Politics, masks, vaccines, the economy. Are these the metrics of life as we know it? Life and death and everything in between have been on the forefront of our collective minds for weeks now. The stakes suddenly got higher and we now have so much more to lose.
Or do we? Death has always been around the corner–what are 80 or 90 years compared to eternity? Jobs, relationships, and health have never come with a lifetime warranty. But perhaps what has changed in the past weeks is our awareness of how fragile the pillars of our lives are, how little is actually within our control.
VCS has been on Easter Break this week, and so I’ve had extra time to think about all that’s happened recently. These verses came to mind:
“O Lord, what are human beings that you should notice them,
mere mortals that you should think about them?
For they are like a breath of air;
their days are like a passing shadow.” (Psalm 144:3-4, NLT)
What does God owe us during shelter in place? What can we rightfully claim from the world and each other? How much of who we are, what we own and what we enjoy is only by the unmerited mercy and bounty of God?
Nothing, nothing, everything.
I find that I need to be careful not to feel entitled to things for which I actually have no entitlement. All the goodness to be found in life comes not from myself, or from others, but from God:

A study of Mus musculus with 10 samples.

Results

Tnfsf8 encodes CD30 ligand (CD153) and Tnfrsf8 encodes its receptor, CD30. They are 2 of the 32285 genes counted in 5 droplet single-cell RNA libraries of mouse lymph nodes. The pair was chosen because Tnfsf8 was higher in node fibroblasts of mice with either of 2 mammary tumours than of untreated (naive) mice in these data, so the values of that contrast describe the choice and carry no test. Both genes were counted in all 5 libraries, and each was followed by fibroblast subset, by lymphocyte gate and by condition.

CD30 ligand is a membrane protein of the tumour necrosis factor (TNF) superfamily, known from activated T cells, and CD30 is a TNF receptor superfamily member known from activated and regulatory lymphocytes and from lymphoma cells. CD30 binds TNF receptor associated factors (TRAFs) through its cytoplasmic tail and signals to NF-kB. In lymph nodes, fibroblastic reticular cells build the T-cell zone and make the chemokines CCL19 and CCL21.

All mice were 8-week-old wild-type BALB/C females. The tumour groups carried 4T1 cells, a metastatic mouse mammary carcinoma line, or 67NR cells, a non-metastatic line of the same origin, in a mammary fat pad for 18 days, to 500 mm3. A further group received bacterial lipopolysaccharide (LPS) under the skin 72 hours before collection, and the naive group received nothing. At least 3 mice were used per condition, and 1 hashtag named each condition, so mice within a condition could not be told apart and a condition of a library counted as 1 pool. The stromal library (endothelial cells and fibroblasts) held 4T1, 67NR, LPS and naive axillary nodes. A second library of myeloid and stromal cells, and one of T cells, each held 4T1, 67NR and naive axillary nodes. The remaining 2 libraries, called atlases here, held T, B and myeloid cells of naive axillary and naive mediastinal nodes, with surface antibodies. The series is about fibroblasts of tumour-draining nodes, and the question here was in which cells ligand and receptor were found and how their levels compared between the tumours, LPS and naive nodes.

“So don’t be misled, my dear brothers and sisters. Whatever is good and perfect is a gift coming down to us from God our Father, who created all the lights in the heavens. He never changes or casts a shifting shadow. He chose to give birth to us by giving us his true word. And we, out of all creation, became his prized possession.” (James 1:16-18, NLT)
Hope during times of peace is an ideal; hope during duress is real.
Strength, character, faith, joy, peace, kindness, and a host of other godly virtues can be tested and revealed now in our lives in ways that simply would not have been possible before. Our losses during this time are greater–for some of us, immensely more so–but so is our experience of redemption in Christ.
Apart from Him, these days only serve to remind us how contingent our lease on life is. With Him, these days and all earthly days to follow are just the prelude to our true life.
And for that–for Who He Is and all that He’s done–there’s everything to thank Him for, coronavirus notwithstanding.